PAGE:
President Bush made a speech July 24th where he spoke of human rights and how certain nations don't respect those rights.

"Over the past seven years, we've spoken out against human rights abuses by tyrannical regimes like those in Iran, Sudan, and Syria and Zimbabwe," Bush said.
"We've spoken candidly about human rights with nations with whom we've got good relations, such as Egypt and Saudi Arabia and China."

All of which may be true (I'm not really aware of speeches concerning the last three countries but, parsing those words carefully, they might have been talks that occurred behind closed doors), but these talks fade into utter meaninglessness compared to the permitted torture methods authorized by the 2002 memo just unearthed by an ACLU Freedom Of Information Act lawsuit:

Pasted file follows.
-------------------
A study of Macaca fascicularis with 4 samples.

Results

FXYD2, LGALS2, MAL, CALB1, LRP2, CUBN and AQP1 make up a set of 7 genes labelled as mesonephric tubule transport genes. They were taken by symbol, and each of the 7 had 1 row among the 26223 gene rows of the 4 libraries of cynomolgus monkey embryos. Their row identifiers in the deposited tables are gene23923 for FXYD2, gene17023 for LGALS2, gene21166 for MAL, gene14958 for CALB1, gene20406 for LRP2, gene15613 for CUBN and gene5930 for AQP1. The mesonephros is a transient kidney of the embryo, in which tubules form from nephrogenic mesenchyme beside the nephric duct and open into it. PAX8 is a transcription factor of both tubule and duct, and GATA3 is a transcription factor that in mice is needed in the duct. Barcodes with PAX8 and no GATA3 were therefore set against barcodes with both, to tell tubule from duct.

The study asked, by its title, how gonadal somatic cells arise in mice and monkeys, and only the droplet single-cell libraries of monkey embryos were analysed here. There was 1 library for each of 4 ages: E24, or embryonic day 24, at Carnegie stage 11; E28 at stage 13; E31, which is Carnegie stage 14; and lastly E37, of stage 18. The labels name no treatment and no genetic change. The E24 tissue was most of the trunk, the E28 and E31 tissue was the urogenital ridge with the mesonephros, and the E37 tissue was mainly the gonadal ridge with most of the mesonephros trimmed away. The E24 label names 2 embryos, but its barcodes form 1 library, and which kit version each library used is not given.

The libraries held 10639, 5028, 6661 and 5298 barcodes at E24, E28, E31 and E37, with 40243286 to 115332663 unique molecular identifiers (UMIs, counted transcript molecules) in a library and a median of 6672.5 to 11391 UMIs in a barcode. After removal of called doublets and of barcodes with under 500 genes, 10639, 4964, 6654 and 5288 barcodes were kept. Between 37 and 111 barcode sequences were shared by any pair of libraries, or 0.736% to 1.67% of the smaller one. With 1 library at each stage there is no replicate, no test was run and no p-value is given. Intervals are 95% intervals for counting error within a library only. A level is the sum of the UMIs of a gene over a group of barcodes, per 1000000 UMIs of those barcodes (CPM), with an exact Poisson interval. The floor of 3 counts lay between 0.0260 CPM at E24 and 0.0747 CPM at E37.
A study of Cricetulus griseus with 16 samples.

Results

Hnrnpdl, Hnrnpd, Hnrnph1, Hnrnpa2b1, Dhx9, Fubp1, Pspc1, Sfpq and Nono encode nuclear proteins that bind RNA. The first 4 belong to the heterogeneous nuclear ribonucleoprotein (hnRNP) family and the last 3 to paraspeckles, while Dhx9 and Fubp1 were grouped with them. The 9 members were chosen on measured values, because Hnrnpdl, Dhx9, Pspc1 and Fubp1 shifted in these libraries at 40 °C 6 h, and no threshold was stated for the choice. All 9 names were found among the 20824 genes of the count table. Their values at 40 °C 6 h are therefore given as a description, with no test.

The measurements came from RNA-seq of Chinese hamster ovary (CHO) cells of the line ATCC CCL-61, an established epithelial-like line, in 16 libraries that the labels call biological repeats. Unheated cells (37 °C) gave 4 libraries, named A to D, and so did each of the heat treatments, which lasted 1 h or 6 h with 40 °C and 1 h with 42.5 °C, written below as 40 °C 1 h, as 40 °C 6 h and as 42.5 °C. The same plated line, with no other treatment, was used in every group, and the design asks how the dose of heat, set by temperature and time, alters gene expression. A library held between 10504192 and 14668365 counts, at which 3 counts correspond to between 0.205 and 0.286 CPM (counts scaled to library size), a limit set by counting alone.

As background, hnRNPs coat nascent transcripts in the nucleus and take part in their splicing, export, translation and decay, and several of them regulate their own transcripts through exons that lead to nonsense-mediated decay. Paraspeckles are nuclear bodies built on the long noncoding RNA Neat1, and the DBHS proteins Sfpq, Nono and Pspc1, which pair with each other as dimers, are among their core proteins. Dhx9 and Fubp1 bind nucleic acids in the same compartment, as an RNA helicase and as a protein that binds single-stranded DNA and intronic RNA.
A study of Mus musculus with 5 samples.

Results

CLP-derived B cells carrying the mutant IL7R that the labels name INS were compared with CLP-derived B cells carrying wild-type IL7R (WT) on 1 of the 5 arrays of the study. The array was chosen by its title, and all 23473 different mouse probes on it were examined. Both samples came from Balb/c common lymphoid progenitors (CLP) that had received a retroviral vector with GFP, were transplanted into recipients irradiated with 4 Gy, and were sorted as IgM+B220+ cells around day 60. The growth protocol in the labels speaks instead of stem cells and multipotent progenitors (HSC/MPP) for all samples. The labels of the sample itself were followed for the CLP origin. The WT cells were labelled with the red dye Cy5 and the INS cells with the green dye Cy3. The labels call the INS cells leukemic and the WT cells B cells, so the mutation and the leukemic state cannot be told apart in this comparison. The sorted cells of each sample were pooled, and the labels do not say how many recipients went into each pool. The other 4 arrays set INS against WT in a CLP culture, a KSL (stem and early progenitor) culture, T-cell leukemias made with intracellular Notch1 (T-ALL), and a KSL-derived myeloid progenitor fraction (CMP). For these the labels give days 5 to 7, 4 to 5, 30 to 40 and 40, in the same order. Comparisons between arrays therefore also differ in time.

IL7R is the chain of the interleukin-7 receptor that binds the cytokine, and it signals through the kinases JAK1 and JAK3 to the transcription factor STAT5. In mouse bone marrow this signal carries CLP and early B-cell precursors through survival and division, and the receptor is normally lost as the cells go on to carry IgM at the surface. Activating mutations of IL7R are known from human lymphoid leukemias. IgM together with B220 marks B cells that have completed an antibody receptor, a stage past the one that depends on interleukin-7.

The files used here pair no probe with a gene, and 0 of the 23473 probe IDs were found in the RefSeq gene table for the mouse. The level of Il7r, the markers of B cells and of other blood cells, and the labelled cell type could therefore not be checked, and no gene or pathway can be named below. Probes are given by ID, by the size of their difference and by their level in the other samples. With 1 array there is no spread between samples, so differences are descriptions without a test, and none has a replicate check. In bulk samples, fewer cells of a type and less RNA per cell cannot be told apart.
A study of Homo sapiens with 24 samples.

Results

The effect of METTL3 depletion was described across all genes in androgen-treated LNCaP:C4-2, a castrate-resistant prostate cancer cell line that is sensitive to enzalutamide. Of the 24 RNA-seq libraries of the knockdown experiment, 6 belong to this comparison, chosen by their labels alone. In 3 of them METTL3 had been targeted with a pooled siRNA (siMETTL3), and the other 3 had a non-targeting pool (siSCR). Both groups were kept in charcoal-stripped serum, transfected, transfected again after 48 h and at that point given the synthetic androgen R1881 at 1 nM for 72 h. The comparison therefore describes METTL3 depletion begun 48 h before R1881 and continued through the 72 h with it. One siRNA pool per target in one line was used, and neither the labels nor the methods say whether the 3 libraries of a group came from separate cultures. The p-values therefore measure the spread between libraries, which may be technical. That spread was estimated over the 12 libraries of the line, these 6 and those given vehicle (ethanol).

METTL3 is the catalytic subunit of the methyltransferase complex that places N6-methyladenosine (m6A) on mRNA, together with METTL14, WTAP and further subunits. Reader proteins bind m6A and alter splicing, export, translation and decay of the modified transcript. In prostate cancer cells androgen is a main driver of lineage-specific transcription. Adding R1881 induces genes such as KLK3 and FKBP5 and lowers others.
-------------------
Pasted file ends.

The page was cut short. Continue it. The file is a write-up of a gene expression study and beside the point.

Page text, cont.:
...authorizes the CIA to use specific interrogation methods, including waterboarding. The memo states that interrogation methods that cause severe mental pain do not amount to torture under U.S. law unless they cause "harm lasting months or even years after the acts were inflicted upon the prisoners."

Which is basically a get-out-of-jail-free card. After all, if one has to wait "years" to see if the mental pain suffered by the tortured person is still there, then authorities have plenty of time to devise a way to see to it that they never spend a single day in jail, regardless of how guilty they are.

To "speak out" against human rights abuses by Sudan or Syria while allowing one's own personnel to torture to their heart's content is the absolute height of hypocrisy and double standards. I'm not aware that Egypt or Saudi Arabia's human rights record has improved, but if they essentially flipped the US the bird, well, I wouldn't blame them one bit.